Titian’s Assunta (1516-18)

Titian's Assunta (The Assumption of the Virgin) commissioned for the high altar of a major Venetian church is both Titian's first masterpiece and a work of signal importance. For the first time, the normally static figures of an altarpiece are transformed into a swirl of upward motion as the disciples gesture towards the ascending Virgin as though to try and hold back her ascent towards God.


Titian. Assunta (1516-18) Oil on Panel. Santa Maria Gloriosa dei Frari, Venice




Here the Virgin's hands, palms open towards us, are painted as many artists might study and sketch their own palms open on their desk.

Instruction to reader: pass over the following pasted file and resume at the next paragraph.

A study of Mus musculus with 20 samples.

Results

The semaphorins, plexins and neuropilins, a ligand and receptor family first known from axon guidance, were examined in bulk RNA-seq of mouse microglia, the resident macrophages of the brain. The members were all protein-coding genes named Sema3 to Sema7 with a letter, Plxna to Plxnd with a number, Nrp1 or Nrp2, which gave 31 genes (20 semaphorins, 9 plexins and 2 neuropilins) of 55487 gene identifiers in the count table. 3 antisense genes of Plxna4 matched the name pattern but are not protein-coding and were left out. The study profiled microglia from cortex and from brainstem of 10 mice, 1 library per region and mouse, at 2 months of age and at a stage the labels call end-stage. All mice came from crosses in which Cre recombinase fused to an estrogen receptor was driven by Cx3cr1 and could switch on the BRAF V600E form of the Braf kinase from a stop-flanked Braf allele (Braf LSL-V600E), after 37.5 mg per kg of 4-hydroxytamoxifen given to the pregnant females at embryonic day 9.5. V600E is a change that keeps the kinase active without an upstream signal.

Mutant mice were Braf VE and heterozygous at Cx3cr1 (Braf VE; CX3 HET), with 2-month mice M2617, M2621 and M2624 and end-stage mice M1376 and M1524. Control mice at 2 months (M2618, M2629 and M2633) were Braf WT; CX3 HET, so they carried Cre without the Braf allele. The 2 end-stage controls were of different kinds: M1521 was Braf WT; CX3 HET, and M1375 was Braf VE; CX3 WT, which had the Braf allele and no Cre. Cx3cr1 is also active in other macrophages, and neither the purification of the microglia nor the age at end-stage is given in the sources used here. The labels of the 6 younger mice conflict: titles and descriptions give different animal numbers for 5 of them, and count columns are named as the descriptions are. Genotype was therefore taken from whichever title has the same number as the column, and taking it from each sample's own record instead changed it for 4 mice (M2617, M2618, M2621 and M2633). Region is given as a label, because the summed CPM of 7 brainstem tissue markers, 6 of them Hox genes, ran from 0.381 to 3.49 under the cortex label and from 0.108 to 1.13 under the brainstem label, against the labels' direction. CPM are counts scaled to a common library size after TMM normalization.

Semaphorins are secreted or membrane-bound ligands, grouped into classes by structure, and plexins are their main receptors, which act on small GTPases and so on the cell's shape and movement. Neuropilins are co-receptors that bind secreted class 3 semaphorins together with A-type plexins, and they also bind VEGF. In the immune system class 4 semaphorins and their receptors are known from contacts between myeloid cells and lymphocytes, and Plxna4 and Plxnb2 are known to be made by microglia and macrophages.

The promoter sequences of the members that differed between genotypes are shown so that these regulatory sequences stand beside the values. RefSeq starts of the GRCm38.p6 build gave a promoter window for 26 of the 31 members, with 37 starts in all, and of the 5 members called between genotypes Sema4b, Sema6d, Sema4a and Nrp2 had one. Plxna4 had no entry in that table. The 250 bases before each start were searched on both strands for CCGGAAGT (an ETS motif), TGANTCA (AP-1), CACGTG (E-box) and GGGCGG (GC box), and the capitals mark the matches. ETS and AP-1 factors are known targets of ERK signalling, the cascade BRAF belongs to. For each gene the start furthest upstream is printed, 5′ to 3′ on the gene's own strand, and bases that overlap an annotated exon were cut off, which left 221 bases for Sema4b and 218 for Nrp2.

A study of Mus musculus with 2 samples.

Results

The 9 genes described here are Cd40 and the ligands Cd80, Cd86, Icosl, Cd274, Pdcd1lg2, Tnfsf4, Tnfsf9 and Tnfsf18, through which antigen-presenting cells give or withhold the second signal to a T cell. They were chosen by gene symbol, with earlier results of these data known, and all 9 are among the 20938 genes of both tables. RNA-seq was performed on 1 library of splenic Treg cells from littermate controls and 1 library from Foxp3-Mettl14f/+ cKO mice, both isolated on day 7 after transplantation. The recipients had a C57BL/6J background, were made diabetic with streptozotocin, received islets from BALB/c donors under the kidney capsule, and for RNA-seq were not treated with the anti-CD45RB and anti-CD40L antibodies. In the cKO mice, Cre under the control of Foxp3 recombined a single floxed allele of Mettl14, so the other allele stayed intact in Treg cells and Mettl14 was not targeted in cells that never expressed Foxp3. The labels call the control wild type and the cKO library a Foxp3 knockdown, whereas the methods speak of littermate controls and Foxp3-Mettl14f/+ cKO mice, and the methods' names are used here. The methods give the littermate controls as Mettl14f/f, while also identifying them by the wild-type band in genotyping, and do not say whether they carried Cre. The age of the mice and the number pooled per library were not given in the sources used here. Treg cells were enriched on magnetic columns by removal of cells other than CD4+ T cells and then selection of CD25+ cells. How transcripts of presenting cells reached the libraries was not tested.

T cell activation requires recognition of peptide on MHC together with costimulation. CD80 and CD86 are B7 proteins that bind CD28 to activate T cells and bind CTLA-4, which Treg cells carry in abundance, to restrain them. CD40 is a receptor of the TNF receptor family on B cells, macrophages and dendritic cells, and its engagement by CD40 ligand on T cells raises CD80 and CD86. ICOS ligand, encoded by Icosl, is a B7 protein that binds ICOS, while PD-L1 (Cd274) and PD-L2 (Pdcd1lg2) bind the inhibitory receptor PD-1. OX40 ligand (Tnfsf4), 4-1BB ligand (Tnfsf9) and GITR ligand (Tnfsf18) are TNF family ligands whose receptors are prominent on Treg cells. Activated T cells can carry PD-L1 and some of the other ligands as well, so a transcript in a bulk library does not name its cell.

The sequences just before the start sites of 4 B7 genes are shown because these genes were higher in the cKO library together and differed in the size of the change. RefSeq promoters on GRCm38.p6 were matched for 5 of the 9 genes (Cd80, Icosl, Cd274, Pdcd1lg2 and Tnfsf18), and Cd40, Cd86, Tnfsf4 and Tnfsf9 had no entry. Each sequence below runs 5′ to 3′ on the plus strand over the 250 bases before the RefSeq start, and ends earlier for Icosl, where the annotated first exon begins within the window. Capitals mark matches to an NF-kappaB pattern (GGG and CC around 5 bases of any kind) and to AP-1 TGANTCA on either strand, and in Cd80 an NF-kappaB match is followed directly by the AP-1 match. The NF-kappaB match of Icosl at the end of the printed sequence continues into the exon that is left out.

Titian, Detail of Virgin from the Assunta (1516-18) 



Details of God's hands, the Virgin's hands and the disciples' hands from Titian's Assunta.


Captions for image(s) above:

Titian. Assunta (1516-18) Oil on Panel. Santa Maria Gloriosa dei Frari, Venice


1. Rudolf and Margot Wittkower, Born Under Saturn. The Character and Conduct of Artists: A Documented History from Antiquity to the French Revolution (New York: W.W.Norton) 1969, p.266

2. Robert J. Clements, The Poetry of Michelangelo (New York University Press) 1965, p. 45.

Original Publication Date on EPPH: 25 Mar 2012. © Simon Abrahams. Articles on this site are the copyright of Simon Abrahams. To use copyrighted material in print or other media for purposes beyond 'fair use', you must obtain permission from the copyright owner. Websites may link to this page without permission (please do) but may not reproduce the material on their own site without crediting Simon Abrahams and EPPH.